In Search of Amphibians on the Osa Peninsula

In 2008, in order to determine the distribution and abundance of leaf litter amphibian species, I began a monitoring program around the Piro Research Center along with Federico Bolaños and Gerardo Chaves, herpetologists from the University of Costa Rica. In 2010, with the support of the Mohamed bin Zayed Species Conservation Fund (MBZ), I expanded this project to Los Charcos and Petosa, a private property owned by Bert Kerstetter, an important supporter of Friends of the Osa.

The information generated by this project was included in the latest update workshop of the conservation status of amphibians in Costa Rica for the IUCN Red List, held in San Jose in July this year. The workshop was organized by the University of Costa Rica’s School of Biology and the Conservation Breeding Specialist Group (CBSG) of the Species Survival Commission of the IUCN. The workshop summary will soon be published by the organizers, and we’ll share that report through the blog.

Dermophis occidentalis

As part of this project, and with some good luck, we’ve observed many interesting species of amphibians.  One species in particular which has attracted the most attention is the caecilian seen in this photo.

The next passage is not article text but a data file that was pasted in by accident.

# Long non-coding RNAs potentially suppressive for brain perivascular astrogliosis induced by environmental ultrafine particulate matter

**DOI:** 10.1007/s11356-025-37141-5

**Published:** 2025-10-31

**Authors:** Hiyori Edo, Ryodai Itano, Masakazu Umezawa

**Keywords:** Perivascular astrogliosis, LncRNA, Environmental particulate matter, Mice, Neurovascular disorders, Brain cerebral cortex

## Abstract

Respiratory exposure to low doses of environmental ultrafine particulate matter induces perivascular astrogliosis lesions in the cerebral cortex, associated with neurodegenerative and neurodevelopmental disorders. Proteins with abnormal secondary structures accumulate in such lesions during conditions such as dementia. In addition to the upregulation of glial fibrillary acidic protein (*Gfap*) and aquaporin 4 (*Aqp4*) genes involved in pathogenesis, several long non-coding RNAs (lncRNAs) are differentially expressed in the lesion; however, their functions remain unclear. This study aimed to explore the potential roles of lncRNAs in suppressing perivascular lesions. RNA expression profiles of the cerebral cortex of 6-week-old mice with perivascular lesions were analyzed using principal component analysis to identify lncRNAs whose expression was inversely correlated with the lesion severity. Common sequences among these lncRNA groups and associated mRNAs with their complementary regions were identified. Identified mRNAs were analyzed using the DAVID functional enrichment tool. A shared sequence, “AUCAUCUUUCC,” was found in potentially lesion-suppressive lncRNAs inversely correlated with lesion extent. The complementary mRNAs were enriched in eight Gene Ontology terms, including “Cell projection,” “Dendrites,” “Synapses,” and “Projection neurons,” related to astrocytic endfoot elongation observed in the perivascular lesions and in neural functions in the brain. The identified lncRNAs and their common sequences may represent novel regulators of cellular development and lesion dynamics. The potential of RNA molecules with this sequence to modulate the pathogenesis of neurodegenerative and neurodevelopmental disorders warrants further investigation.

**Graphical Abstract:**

Caecilians are a group of amphibians that has invaded the underground environment, so that their bodies are elongated, they have no limbs and their eyes are vestigial – all characteristics that allow them to squirm through their subterranean tunnels. Because of their penchant for the underground, these animals are rarely seen, and therefore, little is known about them.

According to the latest review of this group in the Osa Peninsula, there are three species of caecilians, one of these endemic (Oscaecilia osae), which has been reported only twice in Corcovado National Park.

The species that we have been observing, Dermophis occidentali, has been found at both the Piro Research Center, and the Greg Gund Conservation Center (GGCC).  The individual in the photo was found at the GGCC by Kory Kramer, in one of the buildings. This was in early July, when the onset of the rains saturates the ground forcing caecilians to surface.  If you’re lucky, you’ll see one. On this occasion, all Friends of the Osa staff were gathered for an activity so that everyone had the opportunity to observe this rare species.